Did you ever make mix tapes of your favourite songs? It was a major hobby of mine, and the songs I included changed constantly. But what if you got to create the mix tape of all mix tapes, one that would last for one billion years?
Extended missions H2
In 1977, NASA launched two Voyager space probes as part of the Voyager Interstellar Mission and they set off on tours of the Solar System. Voyager 1 travelled to Jupiter and Saturn and sent back swathes of scientific data and colour photos in 1979 and 1980. Then it began its ‘Extended Mission’: Voyager 1 is now 19 billion kilometres from earth. In fact it is the furthest human-made object from earth and is no longer in our Solar System. It’s still sending back radio signals and they take 17 hours to reach earth, despite travelling at the speed of light.
Meanwhile Voyager 2 toured past Uranus and Neptune (it is still the only spacecraft to have visited these planets) and is now also approaching the edge of the Solar System. It continues to communicate with Earth and is expected to keep transmitting weak radio signals until at least 2025.
On current estimates, it is going to be about 40 000 years before Voyager 1 goes anywhere near another star (and more than double that for Voyager 2) but they are carrying some very important cargo.
The Golden Records
Attached to the outside, both Voyager 1 and 2 carry a ‘Golden Record’ – a gold-plated copper 33⅓ RPM record.
Carl Sagan and his team created these records in an attempt to encapsulate the essence of earth and humanity for whoever might find them in the future. They were designed to last a billion years.
The Golden Records are effectively time capsules, recording the human experience and life on earth. Who do we think will ever listen to them? Either humans of the future, or intelligent extra-terrestrials.
Humanity in 33⅓ RPM
What’s on the Golden Records? First of all, 116 images (in analogue form). Some are scientific, showing chemical compositions, measures of mass and scale, planets of the Solar System, DNA and human anatomy and reproduction. There are also pictures of animals, plants, landscapes, people from a variety of cultures and examples of human architecture including the Sydney Opera House.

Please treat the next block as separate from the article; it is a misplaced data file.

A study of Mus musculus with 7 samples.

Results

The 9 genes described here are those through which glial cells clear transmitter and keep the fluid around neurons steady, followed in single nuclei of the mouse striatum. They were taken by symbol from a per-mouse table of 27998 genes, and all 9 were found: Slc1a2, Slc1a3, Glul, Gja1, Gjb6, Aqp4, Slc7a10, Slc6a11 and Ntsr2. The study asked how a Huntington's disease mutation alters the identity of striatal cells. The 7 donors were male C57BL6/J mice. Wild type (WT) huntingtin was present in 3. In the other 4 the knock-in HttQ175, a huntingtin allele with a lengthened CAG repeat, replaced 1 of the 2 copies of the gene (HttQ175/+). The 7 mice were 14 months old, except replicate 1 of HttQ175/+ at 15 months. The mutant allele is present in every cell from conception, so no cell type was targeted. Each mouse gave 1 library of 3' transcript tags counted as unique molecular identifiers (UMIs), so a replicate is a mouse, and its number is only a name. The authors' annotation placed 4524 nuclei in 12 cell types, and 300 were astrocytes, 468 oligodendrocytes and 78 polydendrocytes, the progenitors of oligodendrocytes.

A whole lot of sounds made the cut: surf, wind, thunder, whale song, an elephant’s trumpet, a kiss, laughter, morse code and a mother’s first words to her newborn. (For the record, I reckon they could have chosen a nicer example of that: the baby is crying and the mother says ‘oh come on now’.)
Come and visit
The records include greetings in 55 languages – everything from Ancient Greek and Latin through to the most commonly spoken languages today. Some are very simple: ‘Many greetings and wishes’ in Italian and ‘Please be well’ in Korean. The English message is ‘Hello from the children of planet earth’. My personal favourite is ‘Friends of space, how are you all? Have you eaten yet? Come visit us if you have time’ in the Chinese dialect Amoy.
There is a written message from Jimmy Carter, then US president:
This is a present from a small distant world, a token of our sounds, our science, our images, our music, our thoughts and our feelings. We are attempting to survive our time so that we may live into yours. This record represents our hope and our determination and our goodwill in a vast and awesome universe.Jimmy Carter
Last of all there is an eclectic 90-minute music mix including Bach, Beethoven, Mozart, Louis Armstrong and Chuck Berry’s Johnny B Goode, as well as traditional music from around the world. Sagan requested the Beatles ‘Here Comes the Sun’ and the band happily said yes. Ironically, EMI said no – I guess they had copyright concerns!
I’m never going to know if anyone ever finds or listens to these records but I love the idea that they are out there. The mind boggles imagining a scenario in which aliens try to make sense of us based on these sounds and images.
But the big question is: what would you put on your ultimate mix?